It's South Carolina week, and that's too important for the 15th-ranked Tigers to overlook.
"For us, it's just the next game, next goal," coach Dabo Swinney said Tuesday.
The Tigers (8-3) have a done a good job so far in sticking to Swinney's philosophy.
They've been locked onto the five team goals permanently put on the wall of Clemson's main meeting room. The Tigers have already checked off the first two this season - "Win The Opener" and "Win The Atlantic Division" - and now they're ready to move on to No. 3, "Win The State Championship."
Still, wouldn't it be easy for the Tigers to brush aside the nonconference rivalry with the Gamecocks (6-5) and let their minds wander to the ACC championship game in Tampa, Fla., against Georgia Tech on Dec. 5?
No, Clemson star C.J. Spiller said: "It'd mess up one of our team goals and that's winning this game."
The Tigers have done that quite well since the two schools about 150 miles apart first kicked it off in 1896. Clemson holds the overall edge, 65-37-4. The Tigers have been particularly dominant the past three decades or so, winning 24 of 33 since 1976.
Clemson's won the past two, six of the last seven and 10 of 12.
Lou Holtz, South Carolina's coach from 1999-2004, was 1-5 against Clemson. With Steve Spurrier as coach, the Gamecocks have won once in four tries.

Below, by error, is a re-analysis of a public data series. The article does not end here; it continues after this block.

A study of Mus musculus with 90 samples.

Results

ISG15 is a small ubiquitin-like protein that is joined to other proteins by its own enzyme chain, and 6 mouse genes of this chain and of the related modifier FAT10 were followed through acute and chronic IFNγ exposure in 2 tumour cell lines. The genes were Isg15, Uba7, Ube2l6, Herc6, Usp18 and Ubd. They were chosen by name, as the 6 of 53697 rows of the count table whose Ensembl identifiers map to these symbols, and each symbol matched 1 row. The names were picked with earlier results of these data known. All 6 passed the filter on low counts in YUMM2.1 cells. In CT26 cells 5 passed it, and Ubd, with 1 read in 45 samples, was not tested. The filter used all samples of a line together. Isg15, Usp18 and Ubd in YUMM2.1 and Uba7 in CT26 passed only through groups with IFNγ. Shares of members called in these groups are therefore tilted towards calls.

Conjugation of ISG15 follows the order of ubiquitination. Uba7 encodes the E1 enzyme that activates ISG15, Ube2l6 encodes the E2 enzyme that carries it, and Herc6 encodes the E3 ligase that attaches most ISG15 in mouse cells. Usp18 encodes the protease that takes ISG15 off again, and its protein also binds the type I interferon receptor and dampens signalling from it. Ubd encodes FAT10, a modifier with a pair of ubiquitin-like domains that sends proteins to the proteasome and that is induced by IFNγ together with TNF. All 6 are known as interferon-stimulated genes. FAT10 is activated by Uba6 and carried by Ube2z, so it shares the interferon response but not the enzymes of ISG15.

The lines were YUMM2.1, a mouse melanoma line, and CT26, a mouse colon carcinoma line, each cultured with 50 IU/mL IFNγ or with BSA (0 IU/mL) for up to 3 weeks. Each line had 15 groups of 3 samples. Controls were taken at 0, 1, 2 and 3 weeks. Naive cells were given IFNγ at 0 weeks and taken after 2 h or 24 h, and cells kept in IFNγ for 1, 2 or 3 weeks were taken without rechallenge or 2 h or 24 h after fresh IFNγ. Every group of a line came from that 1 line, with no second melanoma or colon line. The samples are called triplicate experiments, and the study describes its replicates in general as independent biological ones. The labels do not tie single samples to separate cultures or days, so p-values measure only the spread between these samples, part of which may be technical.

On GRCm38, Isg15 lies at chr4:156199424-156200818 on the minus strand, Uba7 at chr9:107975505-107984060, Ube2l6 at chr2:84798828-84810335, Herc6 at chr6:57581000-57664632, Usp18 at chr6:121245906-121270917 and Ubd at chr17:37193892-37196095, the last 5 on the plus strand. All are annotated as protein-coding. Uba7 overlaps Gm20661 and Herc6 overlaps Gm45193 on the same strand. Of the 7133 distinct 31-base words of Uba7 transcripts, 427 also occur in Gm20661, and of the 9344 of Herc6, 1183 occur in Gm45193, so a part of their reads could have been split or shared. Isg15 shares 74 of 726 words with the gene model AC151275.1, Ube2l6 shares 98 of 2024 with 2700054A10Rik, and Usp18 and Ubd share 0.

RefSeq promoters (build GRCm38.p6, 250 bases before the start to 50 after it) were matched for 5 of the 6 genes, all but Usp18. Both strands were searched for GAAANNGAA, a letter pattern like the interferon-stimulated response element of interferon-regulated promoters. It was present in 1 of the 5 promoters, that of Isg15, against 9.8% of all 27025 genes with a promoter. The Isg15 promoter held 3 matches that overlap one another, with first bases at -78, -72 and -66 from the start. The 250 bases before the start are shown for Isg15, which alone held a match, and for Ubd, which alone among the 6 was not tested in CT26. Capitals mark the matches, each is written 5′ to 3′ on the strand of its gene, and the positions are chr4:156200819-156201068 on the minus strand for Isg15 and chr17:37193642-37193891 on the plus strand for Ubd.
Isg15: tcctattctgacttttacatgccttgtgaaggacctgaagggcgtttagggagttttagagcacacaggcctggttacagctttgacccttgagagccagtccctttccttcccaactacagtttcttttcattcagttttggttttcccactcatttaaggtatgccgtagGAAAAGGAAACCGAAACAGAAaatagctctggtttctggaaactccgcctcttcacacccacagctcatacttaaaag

Even if Clemson wanted to sneak a peak at the Yellow Jackets, the Tigers' fans wouldn't let them.
Just look at last Sunday. Less than 24 hours after Clemson wrapped up the ACC's Atlantic and won its sixth straight game, 34-21, over Virginia, Tigers fans were reminding Swinney just how important it is to beat those Gamecocks.
"We quickly turned the page," Swinney said.
Tigers quarterback Kyle Parker heard from some around campus that they didn't care if Clemson won the ACC title game as long as it kept its winning ways against South Carolina.
"That just shows you how much they care," said Parker, a freshman from Jacksonville, Fla.
A year ago, Clemson's 31-14 victory over South Carolina helped Swinney go from interim coach to the permanent job. Former Clemson coach Tommy Bowden was 7-2 against the Gamecocks, a mark that helped him keep his job despite the fact he never won a conference title.
Swinney hasn't changed preparation or increased emphasis this week. It's just another game, albeit one that gives Tigers or Gamecocks fans the chance to stand a little taller the rest of the year.
"Of course, we want to go out there and win the game," Spiller said. "That's why we're going to prepare the best way we can this week."
It's the way they've gone about things all year and particularly during the winning streak when questions mounted about when - not if - the Tigers would lose focus they had worked so hard to keep.
"South Carolina that's the one game out of year we look forward to," receiver Jacoby Ford said. "We know they're going to be fired up to play us and we definitely know that we're going to be fired up to play those guys."
Spiller immediately shot down the chance he might rest his sore turf toe Saturday to be healthier for Georgia Tech. "It's the last regular season game," he said. "There's no need for rest."
Right now for Clemson, its all about the Gamecocks.
"Nobody cares about next week or last week or whatever," Swinney said. "It's about four quarters on Saturday when you play your rival."